VANCOUVER, Canada, August 4, 2011 (LifeSiteNews.com) – A British Columbia Supreme Court Justice agreed Wednesday to fast track the lawsuit of a Lou Gehrig’s disease sufferer seeking doctor-assisted suicide.

The lawsuit is one of two cases currently challenging Canada’s law against euthanasia and assisted suicide, over a year after a legislative bid to overturn the law suffered overwhelming defeat.

Gloria Taylor was diagnosed with the neurodegenerative condition in 2009. A B.C. Civil Liberties Association affidavit, which detailed Taylor’s medical conditions, states that Ms. Taylor was told in January of 2010 that she was likely to die within one year, reports The Globe and Mail.

Judge Lynn Smith has set the trial for November 15.

The Euthanasia Prevention Coalition (EPC), which is seeking intervention status in the Taylor court case, criticized the assisted-suicide lobby of abusing the court system after failing to win over lawmakers.

In April 2010, Canada’s parliament rejected a bill to legalize euthanasia and assisted suicide by 228 to 59.

“The right to die lobby has decided to convince the court to legislate rather than to work in the political arena,” stated the coalition.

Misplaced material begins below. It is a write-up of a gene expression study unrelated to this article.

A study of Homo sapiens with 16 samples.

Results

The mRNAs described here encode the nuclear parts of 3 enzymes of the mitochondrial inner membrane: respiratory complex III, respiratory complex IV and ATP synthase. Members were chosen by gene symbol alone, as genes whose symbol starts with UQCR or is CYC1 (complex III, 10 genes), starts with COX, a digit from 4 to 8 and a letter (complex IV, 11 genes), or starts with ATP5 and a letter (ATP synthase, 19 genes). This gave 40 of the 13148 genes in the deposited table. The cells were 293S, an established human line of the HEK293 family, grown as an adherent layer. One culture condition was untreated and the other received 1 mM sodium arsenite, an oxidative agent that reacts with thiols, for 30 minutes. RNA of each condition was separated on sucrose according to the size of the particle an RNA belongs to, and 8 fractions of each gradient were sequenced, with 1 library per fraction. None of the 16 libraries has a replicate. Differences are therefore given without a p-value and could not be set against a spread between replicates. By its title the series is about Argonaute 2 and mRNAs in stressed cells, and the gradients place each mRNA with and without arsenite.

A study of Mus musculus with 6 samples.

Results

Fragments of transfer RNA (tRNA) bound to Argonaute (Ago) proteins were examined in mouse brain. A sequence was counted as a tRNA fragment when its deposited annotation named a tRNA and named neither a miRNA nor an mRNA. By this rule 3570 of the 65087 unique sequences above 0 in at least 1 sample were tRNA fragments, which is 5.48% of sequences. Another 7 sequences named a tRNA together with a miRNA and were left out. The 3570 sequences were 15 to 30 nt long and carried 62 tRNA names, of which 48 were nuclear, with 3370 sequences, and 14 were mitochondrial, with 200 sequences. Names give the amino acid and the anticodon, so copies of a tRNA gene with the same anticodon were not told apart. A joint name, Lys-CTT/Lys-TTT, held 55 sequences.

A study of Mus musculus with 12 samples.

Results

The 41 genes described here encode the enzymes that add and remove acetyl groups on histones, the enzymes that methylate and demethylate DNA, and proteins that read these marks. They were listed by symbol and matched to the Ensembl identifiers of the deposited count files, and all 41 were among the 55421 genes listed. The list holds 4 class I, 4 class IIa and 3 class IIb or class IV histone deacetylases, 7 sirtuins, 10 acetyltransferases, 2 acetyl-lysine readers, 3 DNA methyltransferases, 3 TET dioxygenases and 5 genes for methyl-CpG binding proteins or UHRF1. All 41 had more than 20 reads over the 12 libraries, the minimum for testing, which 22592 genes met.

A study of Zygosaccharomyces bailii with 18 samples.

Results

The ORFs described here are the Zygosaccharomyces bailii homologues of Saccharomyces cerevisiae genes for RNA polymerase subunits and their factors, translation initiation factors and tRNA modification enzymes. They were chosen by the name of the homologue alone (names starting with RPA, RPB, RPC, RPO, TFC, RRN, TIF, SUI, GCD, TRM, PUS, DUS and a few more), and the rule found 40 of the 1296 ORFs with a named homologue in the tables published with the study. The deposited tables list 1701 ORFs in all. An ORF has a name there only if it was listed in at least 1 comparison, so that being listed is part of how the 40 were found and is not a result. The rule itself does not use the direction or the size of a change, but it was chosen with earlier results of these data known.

In addition to Taylor’s lawsuit, Smith is also hearing the second case seeking doctor-assisted suicide, which was launched by the Farewell Foundation For The Right To Die.

In 1993, Canada’s Supreme Court voted 5-4 against the right to assisted suicide in the Sue Rodriguez case.

Commenting on the Taylor case, Montana Catholic Conference executive director Moe Wosepka noted that it is “unfortunate that a few persons who do not care to live will fight to change laws that put so many other lives in jeopardy.”

“In many if not most cases,” Wosepka said, “the persons want comfort and to know someone cares.”

The issue at the heart of the push for legal doctor-assisted suicide, he continued, “is autonomy.  Pain and suffering are merely covers for loss of autonomy.”

“They seem to say that ‘It is my body, and I can choose how to use it, and I can also choose when life for it should end,’” Wosepka concluded. “The tragedy is they consider their lives to be so void of value to themselves and others.”